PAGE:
RENEE MONTAGNE, HOST:
The sluggish economy means fewer travelers will be heading home for Thanksgiving this year, although it hasn't brought down prices. And as NPR's David Schaper reports, those who do fly will still find their flights packed.
DAVID SCHAPER, BYLINE: The airline industry has been climbing its way out of a deep red hole this year. Revenue is up, but costs - especially for fuel - are up even more. Still, most commercial airlines are on track to eke out a small profit, as the industry heads into its busiest period: the 12 days around Thanksgiving. But...
STEVE LOTT: We actually expect a 2 percent drop in the number of travelers taking to the skies this Thanksgiving holiday period.
SCHAPER: Steve Lott is with the Air Transport Association.
LOTT: The drop in air travel largely has to do with the state of the economy, and unfortunately, we're still seeing weak consumer confidence.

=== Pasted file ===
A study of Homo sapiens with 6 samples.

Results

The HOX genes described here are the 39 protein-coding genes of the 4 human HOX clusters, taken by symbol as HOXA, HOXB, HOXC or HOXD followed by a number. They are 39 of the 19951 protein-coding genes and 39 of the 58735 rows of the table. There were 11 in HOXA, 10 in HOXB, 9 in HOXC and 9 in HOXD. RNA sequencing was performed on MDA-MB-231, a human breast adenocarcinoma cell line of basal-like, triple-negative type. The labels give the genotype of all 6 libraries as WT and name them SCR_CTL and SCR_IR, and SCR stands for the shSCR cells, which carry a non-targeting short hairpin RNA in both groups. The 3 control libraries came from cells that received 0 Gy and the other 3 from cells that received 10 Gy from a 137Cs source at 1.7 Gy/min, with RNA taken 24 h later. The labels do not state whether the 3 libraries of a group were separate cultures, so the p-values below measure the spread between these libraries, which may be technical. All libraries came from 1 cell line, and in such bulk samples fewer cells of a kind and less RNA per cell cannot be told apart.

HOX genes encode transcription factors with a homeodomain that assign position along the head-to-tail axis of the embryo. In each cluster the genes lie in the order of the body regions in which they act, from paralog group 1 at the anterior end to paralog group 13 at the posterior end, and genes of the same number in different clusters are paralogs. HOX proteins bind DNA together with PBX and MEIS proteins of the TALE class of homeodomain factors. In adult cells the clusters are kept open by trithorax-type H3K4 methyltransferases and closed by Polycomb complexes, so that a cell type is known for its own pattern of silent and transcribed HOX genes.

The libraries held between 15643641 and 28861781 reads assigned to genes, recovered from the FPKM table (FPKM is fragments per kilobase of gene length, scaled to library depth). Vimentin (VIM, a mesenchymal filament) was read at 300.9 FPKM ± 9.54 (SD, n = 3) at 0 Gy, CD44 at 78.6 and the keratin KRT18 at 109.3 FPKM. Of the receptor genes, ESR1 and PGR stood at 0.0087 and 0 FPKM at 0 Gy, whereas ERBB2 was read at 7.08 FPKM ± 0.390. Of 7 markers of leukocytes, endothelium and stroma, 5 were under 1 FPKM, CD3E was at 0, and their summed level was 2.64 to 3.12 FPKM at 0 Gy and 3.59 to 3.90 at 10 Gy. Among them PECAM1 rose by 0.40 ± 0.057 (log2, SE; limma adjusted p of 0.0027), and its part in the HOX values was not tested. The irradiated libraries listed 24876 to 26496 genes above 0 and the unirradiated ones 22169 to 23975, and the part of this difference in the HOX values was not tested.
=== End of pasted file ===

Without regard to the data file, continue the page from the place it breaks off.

SCHAPER: Normally, weaker demand might lead to empty seats and lower prices. Not so, says Rick Seaney of FareCompare.com.
RICK SEANEY: The problem is the number of seats that airlines have removed from the system year over year is much higher than two percent. So basically, planes are completely full.
SCHAPER: And fares, he says, are going up.
SEANEY: We're talking ticket prices for Thanksgiving and the Christmas holidays up about 7 to 8 percent.
SCHAPER: But Seaney says there still are a few deals out there, especially for those willing to fly Thanksgiving Day, and the airlines are still on track to finish the year ever-so-slightly in the black. David Schaper, NPR News. Transcript provided by NPR, Copyright NPR.